TIFF 2022: The Grab, by David Bax
It’s difficult, when writing about an issues-advocacy documentary–especially one as effective as Gabriela Cowperthwaite‘s The Grab–not to just turn around and spout back the lessons learned and truths uncovered by the movie, turning a review into a list of talking points or, at best, a policy paper. One must make pains to write about the filmmaking itself, like the montage of archival footage Cowperthwaite presents, all cut together very quickly and gussied up with graphic effects.
But, of course, what’s on the screen is filmmaking too. Cowperthwaite is a filmmaker, not just a wonk, so she understands how to capture compelling images that help her tell her story. That’s the case when she gets to the section about how Russia, foreseeing itself with more arable land on its hands once climate change melts large parts of its north, is importing American cowboys to teach the art of ranching to its citizens. Thus, we end up with one of The Grab‘s most surreal, indelible sights, a full-on rodeo in the Russian hinterland, including women in cowboy hats square dancing to, for some reason, disco music.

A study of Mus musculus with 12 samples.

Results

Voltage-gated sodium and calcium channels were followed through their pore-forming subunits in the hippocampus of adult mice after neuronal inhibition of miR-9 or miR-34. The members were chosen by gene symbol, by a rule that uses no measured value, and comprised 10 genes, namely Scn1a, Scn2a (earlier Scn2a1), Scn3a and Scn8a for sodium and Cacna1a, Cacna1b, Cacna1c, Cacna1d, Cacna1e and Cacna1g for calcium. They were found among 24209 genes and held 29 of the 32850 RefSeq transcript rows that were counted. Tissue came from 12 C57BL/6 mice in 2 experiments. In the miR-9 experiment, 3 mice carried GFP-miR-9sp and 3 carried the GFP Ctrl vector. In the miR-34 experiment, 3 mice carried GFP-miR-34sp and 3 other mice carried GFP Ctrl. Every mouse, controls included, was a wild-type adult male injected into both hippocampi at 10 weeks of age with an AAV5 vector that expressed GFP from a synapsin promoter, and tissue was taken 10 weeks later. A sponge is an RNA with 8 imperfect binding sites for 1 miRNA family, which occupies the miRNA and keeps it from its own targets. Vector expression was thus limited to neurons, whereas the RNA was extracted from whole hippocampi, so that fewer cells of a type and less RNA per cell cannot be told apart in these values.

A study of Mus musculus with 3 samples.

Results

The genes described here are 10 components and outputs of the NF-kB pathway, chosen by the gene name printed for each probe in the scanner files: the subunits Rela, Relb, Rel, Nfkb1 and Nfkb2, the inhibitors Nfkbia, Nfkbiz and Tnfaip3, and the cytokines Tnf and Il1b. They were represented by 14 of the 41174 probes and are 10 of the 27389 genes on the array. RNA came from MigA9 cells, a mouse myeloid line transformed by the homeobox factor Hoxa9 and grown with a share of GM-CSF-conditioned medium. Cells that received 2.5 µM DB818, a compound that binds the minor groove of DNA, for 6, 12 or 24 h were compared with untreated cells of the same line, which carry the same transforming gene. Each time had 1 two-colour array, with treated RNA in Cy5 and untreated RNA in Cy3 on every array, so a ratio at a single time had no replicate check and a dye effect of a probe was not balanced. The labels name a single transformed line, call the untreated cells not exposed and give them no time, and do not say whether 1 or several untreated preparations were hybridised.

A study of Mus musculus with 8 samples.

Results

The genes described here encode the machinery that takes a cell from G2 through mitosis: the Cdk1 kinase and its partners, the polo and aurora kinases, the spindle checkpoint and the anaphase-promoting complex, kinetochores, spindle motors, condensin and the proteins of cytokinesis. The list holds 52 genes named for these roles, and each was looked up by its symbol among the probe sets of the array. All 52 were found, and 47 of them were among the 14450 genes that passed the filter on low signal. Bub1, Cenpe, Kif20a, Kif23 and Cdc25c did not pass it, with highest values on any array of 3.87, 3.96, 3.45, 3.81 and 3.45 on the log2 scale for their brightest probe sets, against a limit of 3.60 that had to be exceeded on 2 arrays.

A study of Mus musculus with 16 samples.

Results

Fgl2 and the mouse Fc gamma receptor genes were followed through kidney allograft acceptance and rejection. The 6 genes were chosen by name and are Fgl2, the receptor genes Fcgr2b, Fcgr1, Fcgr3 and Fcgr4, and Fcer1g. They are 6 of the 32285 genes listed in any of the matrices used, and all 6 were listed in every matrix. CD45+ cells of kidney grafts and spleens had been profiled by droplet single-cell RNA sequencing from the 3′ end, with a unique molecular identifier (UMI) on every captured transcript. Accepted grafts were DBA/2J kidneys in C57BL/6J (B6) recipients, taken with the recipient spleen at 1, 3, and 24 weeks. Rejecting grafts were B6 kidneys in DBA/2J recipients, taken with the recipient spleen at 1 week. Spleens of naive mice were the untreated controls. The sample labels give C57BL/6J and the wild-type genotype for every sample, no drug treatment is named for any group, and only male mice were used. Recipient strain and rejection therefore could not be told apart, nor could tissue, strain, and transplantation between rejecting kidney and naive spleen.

Okay, I’ve put it off long enough. Here’s the issue The Grab details and why we should be alarmed about it. Climate change is leading to a future in which food and water scarcity are going to be ever bigger problems. Lots of nations, from Russia to China to Saudi Arabia to the United States, are reading the writing on the wall and buying up land and other resources in other countries in order to provide for themselves and their own economies. It’s having a devastating effect on the citizens in these areas of the world; just ask the Arizona farmers who are running out of water because the Saudis are pumping it all to grow hay which they ship back home to feed their own livestock. These are short-termed, myopic solutions that are only concerned with taking, not sustaining. Conservationists get painted as “treehuggers” but saving the environment is and has always been a question of human survival.
Cowperthwaite’s main human subject here is Nathan Halverson of the Center for Investigative Reporting. He’s our guide through these complex, multi-faceted and often hidden issues. But he’s still more subject than host. In a way, The Grab is as much a documentary about the process of investigative journalism itself as it is about food and water hoarding.
Cowperthwaite’s most impressive achievement is that her film doesn’t just explain what has happened or what is happening but also what will happen. One segment of The Grab recontextualizes the ongoing war in Ukraine but, bigger than that, the film as a whole assembles a likely context for the future of conflict in general. We should all be very concerned. Thanks to Cowperthwaite’s strong filmmaking, I already am.